Self editor Lucy Danziger went on the Today show and Good Morning America this morning to defend Photoshopping Kelly Clarkson for the September cover. Here you see a photo of Clarkson from May, and the cover, which was also shot in May. Clarkson has obviously shed a few pounds. Danziger is still unable to explain how doing this fits with Self's message to women, which is "You can be happy, healthy, fit, and your best self at any size." She says this photo captures Kelly at her "personal best," whatever that means. Danziger also said:
“A snapshot is different than a cover. A cover is a poster. And the thing about a poster is you want it to capture the essence of you at your best. So we’re saying to women, ‘Look, everyone can love who they are from the inside out and want to achieve their goals.’”
And if you're Kelly Clarkson, clearly one of those goals would be weight loss, which she can achieve through digital photo manipulation? Well, no. That's not a goal of Clarkson's, who has said she's happy with her body just the way it is. That is Self's goal. "The one thing we say at Self is, be your personal best," Danziger continued. "No one can make you feel bad. Only you can feel bad inside yourself. Kelly feels great about who she is."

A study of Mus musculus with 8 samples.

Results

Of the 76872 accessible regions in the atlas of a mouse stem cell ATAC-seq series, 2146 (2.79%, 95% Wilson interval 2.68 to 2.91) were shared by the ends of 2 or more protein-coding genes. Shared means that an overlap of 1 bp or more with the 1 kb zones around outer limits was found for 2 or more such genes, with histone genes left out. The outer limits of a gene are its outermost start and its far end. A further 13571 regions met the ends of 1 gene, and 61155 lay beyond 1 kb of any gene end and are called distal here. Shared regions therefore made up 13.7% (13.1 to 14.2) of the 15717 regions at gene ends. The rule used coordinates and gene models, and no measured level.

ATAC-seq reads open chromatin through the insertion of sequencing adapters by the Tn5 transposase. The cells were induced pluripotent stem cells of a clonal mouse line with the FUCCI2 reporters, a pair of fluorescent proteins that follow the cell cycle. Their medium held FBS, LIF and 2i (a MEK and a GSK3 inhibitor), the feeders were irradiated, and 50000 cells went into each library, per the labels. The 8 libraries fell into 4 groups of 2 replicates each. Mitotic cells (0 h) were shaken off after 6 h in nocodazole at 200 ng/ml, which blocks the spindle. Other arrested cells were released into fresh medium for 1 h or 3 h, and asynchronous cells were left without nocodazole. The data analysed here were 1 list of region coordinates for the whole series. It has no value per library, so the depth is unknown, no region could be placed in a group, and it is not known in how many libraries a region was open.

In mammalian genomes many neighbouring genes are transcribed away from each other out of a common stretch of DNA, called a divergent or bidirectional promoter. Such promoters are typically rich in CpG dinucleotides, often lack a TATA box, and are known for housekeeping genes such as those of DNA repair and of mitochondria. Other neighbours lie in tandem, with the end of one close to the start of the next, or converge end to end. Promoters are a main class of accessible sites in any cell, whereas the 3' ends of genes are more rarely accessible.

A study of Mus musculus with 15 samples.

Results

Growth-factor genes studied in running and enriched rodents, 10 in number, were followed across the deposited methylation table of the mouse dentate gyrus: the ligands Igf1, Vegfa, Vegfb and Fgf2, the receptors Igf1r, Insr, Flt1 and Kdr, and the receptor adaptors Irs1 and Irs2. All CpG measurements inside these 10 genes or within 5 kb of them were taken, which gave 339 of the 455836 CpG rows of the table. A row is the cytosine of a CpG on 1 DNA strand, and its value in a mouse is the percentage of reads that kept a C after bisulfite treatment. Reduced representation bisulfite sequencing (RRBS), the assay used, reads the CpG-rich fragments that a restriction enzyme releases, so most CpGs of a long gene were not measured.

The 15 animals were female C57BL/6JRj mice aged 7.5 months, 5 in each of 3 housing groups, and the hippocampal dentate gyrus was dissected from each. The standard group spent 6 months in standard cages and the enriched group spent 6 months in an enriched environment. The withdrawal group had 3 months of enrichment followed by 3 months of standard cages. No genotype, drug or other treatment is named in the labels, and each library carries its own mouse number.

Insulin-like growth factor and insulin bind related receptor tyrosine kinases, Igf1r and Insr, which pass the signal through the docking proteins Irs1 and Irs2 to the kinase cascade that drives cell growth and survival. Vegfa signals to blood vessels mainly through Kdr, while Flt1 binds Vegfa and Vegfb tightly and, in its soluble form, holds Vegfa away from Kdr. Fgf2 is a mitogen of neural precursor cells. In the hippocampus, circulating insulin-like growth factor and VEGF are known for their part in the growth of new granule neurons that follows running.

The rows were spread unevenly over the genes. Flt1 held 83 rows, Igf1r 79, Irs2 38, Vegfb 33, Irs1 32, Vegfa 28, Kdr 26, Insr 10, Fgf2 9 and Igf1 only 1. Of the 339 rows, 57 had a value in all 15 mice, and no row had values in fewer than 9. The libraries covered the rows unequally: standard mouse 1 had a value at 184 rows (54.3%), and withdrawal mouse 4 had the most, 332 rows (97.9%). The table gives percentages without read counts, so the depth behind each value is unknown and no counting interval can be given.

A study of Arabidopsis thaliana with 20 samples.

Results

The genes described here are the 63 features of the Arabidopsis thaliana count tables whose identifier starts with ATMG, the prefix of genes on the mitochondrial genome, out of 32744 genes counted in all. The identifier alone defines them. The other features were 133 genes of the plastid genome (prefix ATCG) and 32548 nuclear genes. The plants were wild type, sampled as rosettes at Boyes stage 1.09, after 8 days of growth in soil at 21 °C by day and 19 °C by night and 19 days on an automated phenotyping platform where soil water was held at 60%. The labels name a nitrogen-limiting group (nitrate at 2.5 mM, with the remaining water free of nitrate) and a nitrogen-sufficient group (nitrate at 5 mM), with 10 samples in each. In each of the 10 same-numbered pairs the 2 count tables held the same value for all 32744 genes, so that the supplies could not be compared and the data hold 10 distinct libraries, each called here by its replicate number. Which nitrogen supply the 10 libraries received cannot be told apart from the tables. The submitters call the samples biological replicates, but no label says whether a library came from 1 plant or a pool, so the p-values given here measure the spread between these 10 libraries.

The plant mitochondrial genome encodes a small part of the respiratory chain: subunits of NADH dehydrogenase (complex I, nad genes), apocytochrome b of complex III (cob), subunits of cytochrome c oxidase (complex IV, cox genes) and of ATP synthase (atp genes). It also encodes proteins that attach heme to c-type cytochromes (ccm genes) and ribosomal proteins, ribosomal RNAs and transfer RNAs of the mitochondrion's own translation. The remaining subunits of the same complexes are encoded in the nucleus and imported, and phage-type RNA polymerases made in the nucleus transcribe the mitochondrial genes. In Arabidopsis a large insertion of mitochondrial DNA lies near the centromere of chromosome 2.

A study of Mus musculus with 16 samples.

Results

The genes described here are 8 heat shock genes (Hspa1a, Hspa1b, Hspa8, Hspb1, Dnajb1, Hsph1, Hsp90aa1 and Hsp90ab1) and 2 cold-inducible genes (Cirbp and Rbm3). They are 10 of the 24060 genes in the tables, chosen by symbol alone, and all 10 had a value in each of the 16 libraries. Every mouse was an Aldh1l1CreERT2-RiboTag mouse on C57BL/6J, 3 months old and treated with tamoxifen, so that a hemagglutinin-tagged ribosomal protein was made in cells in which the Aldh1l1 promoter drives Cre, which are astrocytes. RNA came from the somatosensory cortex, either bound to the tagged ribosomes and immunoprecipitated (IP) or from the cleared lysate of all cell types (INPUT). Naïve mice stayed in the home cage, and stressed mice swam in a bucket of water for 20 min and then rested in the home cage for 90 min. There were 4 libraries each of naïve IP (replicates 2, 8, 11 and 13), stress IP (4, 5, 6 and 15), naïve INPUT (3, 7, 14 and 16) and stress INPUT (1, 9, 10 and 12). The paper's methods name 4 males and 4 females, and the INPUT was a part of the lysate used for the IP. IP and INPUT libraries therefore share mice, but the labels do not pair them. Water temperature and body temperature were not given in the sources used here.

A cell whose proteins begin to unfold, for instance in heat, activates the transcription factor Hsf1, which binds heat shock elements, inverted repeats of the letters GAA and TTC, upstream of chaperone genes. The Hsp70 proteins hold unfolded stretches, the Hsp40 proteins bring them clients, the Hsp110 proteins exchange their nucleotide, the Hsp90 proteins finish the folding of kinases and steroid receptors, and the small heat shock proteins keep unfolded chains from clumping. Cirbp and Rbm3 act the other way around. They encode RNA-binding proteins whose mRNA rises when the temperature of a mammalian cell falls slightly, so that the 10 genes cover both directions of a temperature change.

Danziger fails to make a compelling case for herself, but Kelly Clarkson has largely been left out of the conversation. Kelly's people have only said, "We love the cover." That is not a great example for the kids. Either she's happy the way she is, or she desperately wants to be twenty pounds lighter. If she's truly happy with herself, why can't she come out and say she has no desire to look the way she does on the cover? Which is what Kate Winslet did when she appeared with fake noodle thighs on the cover of GQ a while back. The more Kelly hides, the more awkward she makes all of this for herself.